Does Public Opinion on Environment Match Government Action?

This is a guest blog written by Gun Koleoglu. The opinions expressed in this article are of the author’s, and are not necessarily reflective of the views of GreenPAC.

The vast Canadian wilderness is among our nation’s most iconic images. Our art, our flag, the symbols on our money, and even our commercials reflect the significance of nature for the Canadian identity. 85% of Canadians regularly participate in nature-related activities and 82% feel a deep personal connection to nature.[1] Not surprisingly, public concern for the environment has been a factor in our politics for over half a century.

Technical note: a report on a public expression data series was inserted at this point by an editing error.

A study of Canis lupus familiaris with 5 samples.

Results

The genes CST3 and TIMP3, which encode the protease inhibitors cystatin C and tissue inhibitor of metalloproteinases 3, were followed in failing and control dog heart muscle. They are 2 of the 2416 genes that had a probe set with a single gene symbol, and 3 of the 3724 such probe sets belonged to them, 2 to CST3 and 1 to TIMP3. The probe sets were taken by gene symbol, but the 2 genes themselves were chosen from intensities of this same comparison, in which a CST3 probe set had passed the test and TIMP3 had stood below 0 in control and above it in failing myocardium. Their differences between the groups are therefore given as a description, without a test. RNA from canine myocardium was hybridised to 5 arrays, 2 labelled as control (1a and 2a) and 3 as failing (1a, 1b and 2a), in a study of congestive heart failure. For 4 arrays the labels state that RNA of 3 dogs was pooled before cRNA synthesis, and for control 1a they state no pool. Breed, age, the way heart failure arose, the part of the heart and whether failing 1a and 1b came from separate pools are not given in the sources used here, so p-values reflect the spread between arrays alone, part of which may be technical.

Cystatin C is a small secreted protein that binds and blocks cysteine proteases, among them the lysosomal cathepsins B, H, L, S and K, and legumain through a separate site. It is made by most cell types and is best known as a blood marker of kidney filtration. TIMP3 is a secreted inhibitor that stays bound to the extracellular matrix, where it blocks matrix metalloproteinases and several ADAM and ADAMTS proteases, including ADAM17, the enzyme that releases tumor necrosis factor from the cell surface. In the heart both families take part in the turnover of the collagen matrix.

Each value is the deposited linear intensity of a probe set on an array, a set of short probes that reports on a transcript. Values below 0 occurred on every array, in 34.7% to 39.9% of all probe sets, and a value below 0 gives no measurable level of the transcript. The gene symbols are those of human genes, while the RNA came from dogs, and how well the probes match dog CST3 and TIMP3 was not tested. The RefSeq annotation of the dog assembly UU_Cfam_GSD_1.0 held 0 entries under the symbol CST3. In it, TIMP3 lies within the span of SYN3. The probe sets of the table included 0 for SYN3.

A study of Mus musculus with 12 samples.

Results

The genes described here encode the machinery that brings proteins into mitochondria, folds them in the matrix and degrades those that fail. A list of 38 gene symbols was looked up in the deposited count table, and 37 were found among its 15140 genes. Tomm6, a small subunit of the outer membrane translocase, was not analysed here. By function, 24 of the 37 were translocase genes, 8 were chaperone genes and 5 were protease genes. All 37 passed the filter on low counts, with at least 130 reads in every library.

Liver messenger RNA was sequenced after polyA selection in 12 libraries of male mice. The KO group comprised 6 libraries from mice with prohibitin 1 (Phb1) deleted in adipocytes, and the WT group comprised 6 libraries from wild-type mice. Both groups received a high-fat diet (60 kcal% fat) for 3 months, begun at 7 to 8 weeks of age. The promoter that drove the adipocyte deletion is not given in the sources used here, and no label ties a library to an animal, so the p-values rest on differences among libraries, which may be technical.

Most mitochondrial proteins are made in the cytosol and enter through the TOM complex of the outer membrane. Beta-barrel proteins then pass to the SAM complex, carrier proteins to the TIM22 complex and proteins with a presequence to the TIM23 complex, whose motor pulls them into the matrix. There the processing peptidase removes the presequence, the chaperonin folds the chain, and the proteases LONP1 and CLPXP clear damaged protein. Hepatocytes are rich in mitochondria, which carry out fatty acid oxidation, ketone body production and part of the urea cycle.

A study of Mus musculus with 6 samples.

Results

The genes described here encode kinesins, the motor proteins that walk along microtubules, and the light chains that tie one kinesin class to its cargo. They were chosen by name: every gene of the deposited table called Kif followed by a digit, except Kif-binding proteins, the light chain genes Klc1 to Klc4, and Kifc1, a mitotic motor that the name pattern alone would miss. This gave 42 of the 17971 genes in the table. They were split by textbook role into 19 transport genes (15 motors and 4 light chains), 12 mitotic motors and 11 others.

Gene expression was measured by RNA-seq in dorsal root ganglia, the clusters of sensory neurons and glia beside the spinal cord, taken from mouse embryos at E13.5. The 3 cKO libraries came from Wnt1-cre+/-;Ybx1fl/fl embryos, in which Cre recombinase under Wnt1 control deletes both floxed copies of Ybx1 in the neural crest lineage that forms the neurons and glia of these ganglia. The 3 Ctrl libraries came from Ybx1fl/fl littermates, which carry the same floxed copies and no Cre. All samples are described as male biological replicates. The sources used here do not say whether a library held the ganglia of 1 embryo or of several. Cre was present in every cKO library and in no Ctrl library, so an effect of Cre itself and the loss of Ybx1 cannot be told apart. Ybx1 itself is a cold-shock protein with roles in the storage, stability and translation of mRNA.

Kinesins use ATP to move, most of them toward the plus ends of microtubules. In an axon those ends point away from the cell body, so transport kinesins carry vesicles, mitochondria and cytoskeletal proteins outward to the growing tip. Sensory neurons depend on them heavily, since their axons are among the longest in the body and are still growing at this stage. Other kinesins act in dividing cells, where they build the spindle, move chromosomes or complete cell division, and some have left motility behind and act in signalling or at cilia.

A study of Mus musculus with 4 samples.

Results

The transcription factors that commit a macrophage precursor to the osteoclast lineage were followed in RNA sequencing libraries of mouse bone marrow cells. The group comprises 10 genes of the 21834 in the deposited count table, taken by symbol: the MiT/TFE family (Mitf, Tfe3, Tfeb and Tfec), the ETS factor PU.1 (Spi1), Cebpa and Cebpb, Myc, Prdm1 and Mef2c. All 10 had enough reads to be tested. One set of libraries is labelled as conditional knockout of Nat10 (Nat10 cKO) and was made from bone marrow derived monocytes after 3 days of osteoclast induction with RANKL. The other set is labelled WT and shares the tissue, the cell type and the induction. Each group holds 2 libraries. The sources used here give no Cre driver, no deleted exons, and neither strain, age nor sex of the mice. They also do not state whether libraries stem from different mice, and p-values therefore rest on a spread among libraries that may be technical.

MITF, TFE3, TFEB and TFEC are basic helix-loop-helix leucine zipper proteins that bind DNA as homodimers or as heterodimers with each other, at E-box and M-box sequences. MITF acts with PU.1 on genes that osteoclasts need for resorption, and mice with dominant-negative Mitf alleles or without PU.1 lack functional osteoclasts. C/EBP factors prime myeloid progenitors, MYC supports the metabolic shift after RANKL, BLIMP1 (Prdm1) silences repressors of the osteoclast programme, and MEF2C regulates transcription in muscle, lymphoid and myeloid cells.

Since the 1990s, over 40% of Canadians have been in favour of increased government spending on environmental issues.[2]

Despite this consistent public support, spending has decreased and Canadian environmental legislation has become stagnant.

The mid-1990s debt crisis and 2008 economic recession provided ample political justification for prioritizing the economy at the expense of the environment. The complex nature of environmental issues like climate change have also contributed to environmental lethargy.

The images of smokestacks and river fires that sparked straightforward and effective action on acid rain in the 1970s and 80s were replaced by highly technical analyses, 50-year projections, and solutions that required addressing multiple sources.[3] In addition, the current consensus among the scientific community on human-caused climate change wasn’t as strong 20 years ago. The level of uncertainty further reinforced the reluctance to invest in environmental protection and sustainability.